The following information has been
extracted from the Alternative Toronto website and the BlackDotMuseum blog and
The C.I.A. Tape was recorded live at the Fallout Shelter and Ildiko's, and features poetry and musical performances by Dick Lucas (of Subhumans), Mecca Normal, Nick Toczek, Rhythm Activism and Mourning Sickness.
The Fallout Shelter recordings are the Toronto postscript to the Black Wedge tour on September 5, 1987.
The Fallout Shelter was a "nuclear free" performance space and coffee house run by the peace organization A.C.T. for Disarmament on Harbord Street.
The Black Wedge was a tour of activist resistance culture organized by Jean Smith of the band Mecca Normal, which set out to "spread the word of how to combine poetry, music and politics and have a fun time doing it.” As Smith comments about the Black Wedge tour in his essay "Take Something You Care About and Make It Your Life":
“One step easier than punk! The Black Wedge is out to spread the word of how to
combine poetry, music and politics and have a fun time doing it. Hardcore poems
and shredding guitars, radical voices crushing sexism, militarism, poverty and
conformity. The Black Wedge wants to set wild hearts and imaginations free, to
release a riot of emotion–opening up a new arena for activist resistance
At the beginning of 1986, Mecca Normal released their first LP on their own label, Smarten Up! Records. Soon thereafter, they flew to Montreal and hooked up with Rhythm Activism; another music duo dealing with social issues with a strong anti-authoritarian perspective. While the four stood around in the basement of the Canadian Broadcasting Corporation building waiting to go live on air from coast to coast, they listened in on the segment prior to their timeslot–England’s Red Wedge was being featured. The Red Wedge was formed in the late 80's to support the Labour Party, they presented political ideas within a musical context and showcased musicians that encouraged people to vote Labour. The Black Wedge however, that came into existence that same night, would encourage people to reclaim their voices, to speak out against oppression rather than rely on electoral politics as a means to solve social problems. Answers were looked for elsewhere than existing politics and against the establishment.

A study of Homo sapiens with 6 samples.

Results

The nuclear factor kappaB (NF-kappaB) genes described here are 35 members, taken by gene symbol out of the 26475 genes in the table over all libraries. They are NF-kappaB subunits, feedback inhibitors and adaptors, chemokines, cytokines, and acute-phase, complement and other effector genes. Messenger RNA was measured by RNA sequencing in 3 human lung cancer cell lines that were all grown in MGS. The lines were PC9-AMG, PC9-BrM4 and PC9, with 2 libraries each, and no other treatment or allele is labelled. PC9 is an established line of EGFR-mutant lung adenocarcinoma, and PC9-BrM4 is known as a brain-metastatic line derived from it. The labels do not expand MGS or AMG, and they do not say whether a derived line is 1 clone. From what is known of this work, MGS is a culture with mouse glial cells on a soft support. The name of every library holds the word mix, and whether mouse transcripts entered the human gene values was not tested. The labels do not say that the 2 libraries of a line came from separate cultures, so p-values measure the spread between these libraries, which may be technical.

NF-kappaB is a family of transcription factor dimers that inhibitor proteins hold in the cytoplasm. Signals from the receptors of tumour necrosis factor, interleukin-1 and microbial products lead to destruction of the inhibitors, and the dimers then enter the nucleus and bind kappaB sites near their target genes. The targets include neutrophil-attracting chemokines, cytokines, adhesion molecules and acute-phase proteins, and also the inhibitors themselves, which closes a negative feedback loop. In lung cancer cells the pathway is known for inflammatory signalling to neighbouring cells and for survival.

During the Black Wedge tour, through their lyrics or in between songs, the bands covered topics like sexism, disenfranchised citizens, poverty as well as other social issues which can be heard throughout the various songs of The C.I.A. Tape. A song like “Are you hungry Joe?” for example, includes a dialogue between Joe and someone that stands between him and the bag of groceries at a food bank, forcing Joe to argue why he needs food...
All tracks on The C.I.A. Tape were recorded live in Toronto. The tape was eventually published by Bluurg Tapes with the editing done in June '88 at T.A.S.C. Master Studios, Trinity & All Saint's College, in Leeds England.
"This tape is dedicated to all exceptionally oppressed people, but particularly to those whose entire lifestyle is being destroyed... Romany, Amerindian, Aborigine, and all other proud tribal people whose culture won't readily bow down before the all-consuming gods of western 'civilization,' social 'progress' and cash-culture.”
The original information for both Jean Smith’s essay and The C.I.A. Tape information can be retrieved from: https://www.alternativetoronto.ca/archive/items/show/500
- Juan Vacas
This blogpost is a collaborative effort. Many thanks to: Juan Vacas (curation and assembling of text), Jon "Dietsociety" Kruithof and acab_in_1985 (SLSK) (providing rips and doing archival work). Editor: Bence.